Houston startup to offer hotel stays in space for $800K

By JONATHAN PATTERSON | April 26, 2018


For a little under $800,000 a night, you could soon vacation in space. Orion Span, a space technology startup based in Houston and founded by Frank Bunger, has announced plans to launch the very first space hotel into orbit by the year 2021. 

Aurora Station, the name of the futuristic hotel, is planning to open its doors to guests by the following year, 2022. At a cost of $791,666 per night, one 12-day ticket will run you $9.5 million. 

In the past, private citizens have been able to travel to the International Space Station (ISS) for anywhere between $20 to $40 million round trip, but Orion Span anticipates its launch costs to be less. 

Although the company has yet to sign a contract with any launch provider to send either the hotel or future guests into space, Orion Span intends to charge guests a relatively low $80,000 refundable deposit for transport to and from the station. 

“Upon launch, Aurora Station goes into service immediately, bringing travelers into space quicker and at a lower price point than ever seen before,” the company said in a press statement. “Our goal is to make space accessible to all, by continuing to drive greater value at lower cost.” 

The hotel is planned to be launched into low Earth orbit, about 200 miles above Earth’s surface. The cabin size is said to be roughly comparable to that of a large private jet. The exact dimensions are 43.5 feet long by 14 feet wide, containing a pressurized volume of 5,650 cubic feet. 

The station is designed to be fully modular and able to house six people at a time in private, two person suites. Of the six people on board at anytime, four will be guests and two will be crewmembers (likely former astronauts).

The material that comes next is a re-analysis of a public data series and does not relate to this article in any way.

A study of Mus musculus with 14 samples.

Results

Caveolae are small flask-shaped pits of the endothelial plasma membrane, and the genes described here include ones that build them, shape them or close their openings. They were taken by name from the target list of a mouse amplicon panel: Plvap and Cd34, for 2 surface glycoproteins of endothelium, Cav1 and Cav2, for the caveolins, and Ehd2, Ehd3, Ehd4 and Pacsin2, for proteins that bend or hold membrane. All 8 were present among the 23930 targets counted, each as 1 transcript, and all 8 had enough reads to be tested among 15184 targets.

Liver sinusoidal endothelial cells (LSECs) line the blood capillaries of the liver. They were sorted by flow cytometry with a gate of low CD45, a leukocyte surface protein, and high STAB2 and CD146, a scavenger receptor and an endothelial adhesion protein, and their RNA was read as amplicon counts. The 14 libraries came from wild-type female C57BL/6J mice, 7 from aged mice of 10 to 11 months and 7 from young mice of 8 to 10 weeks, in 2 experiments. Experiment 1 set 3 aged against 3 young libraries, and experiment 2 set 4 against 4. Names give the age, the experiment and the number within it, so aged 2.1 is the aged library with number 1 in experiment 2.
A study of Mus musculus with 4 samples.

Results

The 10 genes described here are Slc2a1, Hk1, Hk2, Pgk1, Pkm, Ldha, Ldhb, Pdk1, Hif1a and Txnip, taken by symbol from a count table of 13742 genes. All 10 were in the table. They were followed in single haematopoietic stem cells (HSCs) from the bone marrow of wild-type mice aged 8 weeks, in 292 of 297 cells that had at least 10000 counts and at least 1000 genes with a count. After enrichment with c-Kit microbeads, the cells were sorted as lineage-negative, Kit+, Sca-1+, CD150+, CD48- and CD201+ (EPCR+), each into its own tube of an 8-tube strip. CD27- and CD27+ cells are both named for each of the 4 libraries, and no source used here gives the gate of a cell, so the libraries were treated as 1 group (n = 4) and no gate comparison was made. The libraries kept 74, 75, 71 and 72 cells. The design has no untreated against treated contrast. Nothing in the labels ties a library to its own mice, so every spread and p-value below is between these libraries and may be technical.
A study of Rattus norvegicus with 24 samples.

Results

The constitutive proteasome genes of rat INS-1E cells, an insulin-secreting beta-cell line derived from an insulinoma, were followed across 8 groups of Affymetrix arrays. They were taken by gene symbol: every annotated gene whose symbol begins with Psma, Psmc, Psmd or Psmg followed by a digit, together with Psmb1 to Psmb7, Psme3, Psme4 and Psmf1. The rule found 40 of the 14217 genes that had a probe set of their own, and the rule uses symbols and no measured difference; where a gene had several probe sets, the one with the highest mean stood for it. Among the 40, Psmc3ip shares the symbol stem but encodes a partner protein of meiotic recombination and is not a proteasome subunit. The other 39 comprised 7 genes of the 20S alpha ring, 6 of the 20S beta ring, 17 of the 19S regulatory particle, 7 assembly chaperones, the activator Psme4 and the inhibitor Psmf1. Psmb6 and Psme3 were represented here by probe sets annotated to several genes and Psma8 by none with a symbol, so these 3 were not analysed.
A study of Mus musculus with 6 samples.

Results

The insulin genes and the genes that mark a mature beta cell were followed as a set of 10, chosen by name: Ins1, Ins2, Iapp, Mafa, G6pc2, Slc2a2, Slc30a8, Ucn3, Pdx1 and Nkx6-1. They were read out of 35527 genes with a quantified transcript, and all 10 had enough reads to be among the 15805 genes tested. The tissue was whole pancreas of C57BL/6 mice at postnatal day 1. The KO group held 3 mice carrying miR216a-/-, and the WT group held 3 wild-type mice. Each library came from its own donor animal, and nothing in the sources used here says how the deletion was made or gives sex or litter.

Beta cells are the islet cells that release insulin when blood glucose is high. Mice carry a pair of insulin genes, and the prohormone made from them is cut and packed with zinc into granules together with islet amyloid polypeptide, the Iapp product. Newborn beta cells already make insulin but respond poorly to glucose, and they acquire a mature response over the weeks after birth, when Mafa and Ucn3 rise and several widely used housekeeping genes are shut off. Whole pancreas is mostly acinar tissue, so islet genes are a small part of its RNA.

The station is currently being constructed in Houston by former ISS engineers, while the software for the station is being developed in the San Francisco Bay Area. 

Once the station is launched and operational, it will orbit Earth every hour and a half. Guests on board will be able to roam around the cabin freely in zero gravity. They will also be able to witness sunrises and sunsets every 24 hours. 

Orion Span also plans to incorporate virtual reality (VR) into the experience, building a ‘holodeck’ into the station. Additionally, guests can get involved in research experiments like growing edible plants and communicating back to Earth via high-speed wireless internet. 

“We’re not selling a hey-let’s-go-to-the-beach equivalent in space, we’re selling the experience of being an astronaut,” Bunger said, according to Bloomberg

In the past, space travel has required 24 months of preparation for the traveller, but Orion Span intends to cut down on that time. The Orion Span Astronaut Certification program will take only three months and will include a mix of condensed online and in-person training, culminating with a final certification aboard the Aurora Station. 

The company claims that upon return, guests will be greeted with “a hero’s welcome.” 

Although Orion Span is on track to become the first to actually put a hotel into orbit, it was not the first or only company to come up with the idea. 

The Russian space corporation Roscosmos recently announced plans to add a four star, $40 million per person hotel onto the ISS. The Texas-based Axiom Space plans to transport tourists to and from the ISS as early as next year and launch a private space station by 2024. Richard Branson’s Virgin Galactic intends to charge passengers $250,000 for future space flights. 

Phil Larson, assistant dean and chief of staff at University of Colorado, Boulder’s College of Engineering and Applied Science, shared his excitement for the future.

“The commercialization of [low Earth orbit] is an exciting prospect, but it will be an exercise in determining what ideas are more real than others,” Larson said, according to Bloomberg

The Aurora Station is the first step for Orion Span. If the station is successful, the company plans to launch identical modules and build a private space station of their own, with the long-term goal of selling space.